City Farmer awarded “Garden Communicator of the Year” by BC Landscape and Nursery Trades Association
Liam Robinson (right) of Watermark Gardens presents the award to Michael Levenston (left) of City Farmer.
City Farmer – Garden Communicator of the Year Award
This award is shared by all City Farmer’s staff who “communicate” from our Compost Demonstration Garden in Vancouver. Sharon Slack, Maria Keating, Lauren Welch, Farhat Khan, Sheryl Webster, Lynsey Dobbie, Arzeena Hamir, Preet Ball, Michelle Drewitz, and Sean Reynolds. And our long-time directors Risa Smith, Bob Woodsworth, Susan Gregory and Tom Mommsen.
From the awards banquet, November 5, 2010:
Garden Communicator of the Year Award
Each year, BCLNA recognizes exemplary service to the association by its members, as well as some deserving non-members, whose actions have strengthened the horticulture industry.
This is the case with the Garden Communicator of the Year Award, which recognizes outstanding communication to the public on garden and landscape topics by a BC writer, radio or t.v. commentator, artist, or communications specialist. This award has been sponsored for many years by Clearview Horticulture Products.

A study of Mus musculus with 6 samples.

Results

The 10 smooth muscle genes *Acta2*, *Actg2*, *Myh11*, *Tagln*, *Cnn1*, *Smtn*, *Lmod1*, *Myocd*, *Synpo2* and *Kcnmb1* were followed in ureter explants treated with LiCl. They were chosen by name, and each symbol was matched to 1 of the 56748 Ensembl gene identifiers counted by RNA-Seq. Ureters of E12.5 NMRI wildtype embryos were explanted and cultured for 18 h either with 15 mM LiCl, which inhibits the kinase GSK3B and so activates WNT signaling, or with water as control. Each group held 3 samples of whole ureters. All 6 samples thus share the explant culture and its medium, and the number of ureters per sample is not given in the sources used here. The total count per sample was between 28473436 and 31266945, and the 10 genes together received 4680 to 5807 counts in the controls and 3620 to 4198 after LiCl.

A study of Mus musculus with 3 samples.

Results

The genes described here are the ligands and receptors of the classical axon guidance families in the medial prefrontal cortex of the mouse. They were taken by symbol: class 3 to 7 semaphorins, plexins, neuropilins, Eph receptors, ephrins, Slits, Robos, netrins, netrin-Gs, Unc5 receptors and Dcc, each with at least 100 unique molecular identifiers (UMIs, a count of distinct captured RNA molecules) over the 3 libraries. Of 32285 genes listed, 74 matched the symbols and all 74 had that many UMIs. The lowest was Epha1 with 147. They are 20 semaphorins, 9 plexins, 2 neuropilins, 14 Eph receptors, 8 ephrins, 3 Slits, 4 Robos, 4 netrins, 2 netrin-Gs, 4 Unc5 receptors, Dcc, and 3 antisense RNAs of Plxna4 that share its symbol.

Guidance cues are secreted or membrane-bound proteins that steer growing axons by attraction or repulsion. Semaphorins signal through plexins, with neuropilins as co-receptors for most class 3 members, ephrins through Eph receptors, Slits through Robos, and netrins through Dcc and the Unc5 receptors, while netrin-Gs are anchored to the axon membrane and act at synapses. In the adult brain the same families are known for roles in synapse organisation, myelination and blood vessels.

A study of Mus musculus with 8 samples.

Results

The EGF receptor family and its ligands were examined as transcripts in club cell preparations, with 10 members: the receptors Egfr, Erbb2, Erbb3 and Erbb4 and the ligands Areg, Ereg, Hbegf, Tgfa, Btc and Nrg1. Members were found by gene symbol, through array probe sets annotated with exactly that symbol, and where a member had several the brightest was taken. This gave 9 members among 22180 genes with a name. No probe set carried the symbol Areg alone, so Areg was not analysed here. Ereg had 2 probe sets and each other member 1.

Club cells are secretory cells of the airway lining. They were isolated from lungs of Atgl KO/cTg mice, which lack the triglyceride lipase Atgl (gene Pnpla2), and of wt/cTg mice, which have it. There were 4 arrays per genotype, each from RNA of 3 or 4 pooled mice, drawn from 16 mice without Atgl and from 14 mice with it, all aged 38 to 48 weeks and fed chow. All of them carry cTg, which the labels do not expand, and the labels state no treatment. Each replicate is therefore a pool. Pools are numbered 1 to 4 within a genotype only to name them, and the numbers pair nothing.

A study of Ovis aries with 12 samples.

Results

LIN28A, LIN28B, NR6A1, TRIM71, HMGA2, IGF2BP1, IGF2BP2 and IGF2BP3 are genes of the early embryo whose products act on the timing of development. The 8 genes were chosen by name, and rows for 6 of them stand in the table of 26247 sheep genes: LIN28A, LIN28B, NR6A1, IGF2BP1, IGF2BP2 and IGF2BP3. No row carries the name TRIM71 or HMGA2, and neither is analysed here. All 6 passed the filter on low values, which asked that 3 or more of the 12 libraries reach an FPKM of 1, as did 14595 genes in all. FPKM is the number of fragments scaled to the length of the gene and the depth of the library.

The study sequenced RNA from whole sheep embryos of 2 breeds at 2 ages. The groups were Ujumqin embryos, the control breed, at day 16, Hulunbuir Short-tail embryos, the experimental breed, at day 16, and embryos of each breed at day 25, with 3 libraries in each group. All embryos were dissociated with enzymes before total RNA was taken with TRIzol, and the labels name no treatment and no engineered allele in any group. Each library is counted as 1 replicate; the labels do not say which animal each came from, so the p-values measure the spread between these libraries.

And the winner is Michael Levenston of City Farmer
In creating the website CityFarmer.info and by communicating through new media, Michael has turned City Farmer into the “CNN” of urban agriculture, reaching millions of people around the world. City Farmer’s demonstration garden staff give more than 100 interviews every year, and the organization’s “Grow your own food” message has been spread through local favourites like: CBC, CTV, The Weather Network, BC Magazine,The Globe and Mail, and also to overseas broadcasters including: CNN, French National Television and Korea’s National Television.
City Farmer teaches classes on composting and organic gardening, and answers thousands of questions on its Regional Compost Hotline. They produce and podcast educational videos from their Vancouver garden, featuring horticultural and environmental stories, and the organization hosts tour groups from around the globe.
Why do they teach gardening?
Michael says, “We believe that city residents can grow some of the food they eat, even if it’s just a few herbs planted on a windowsill. We see this as a positive activity that people of every nation, religion and age around the world can take part in. It is something we have in common with each other. And that is why we continue to celebrate the work of urban farmers.”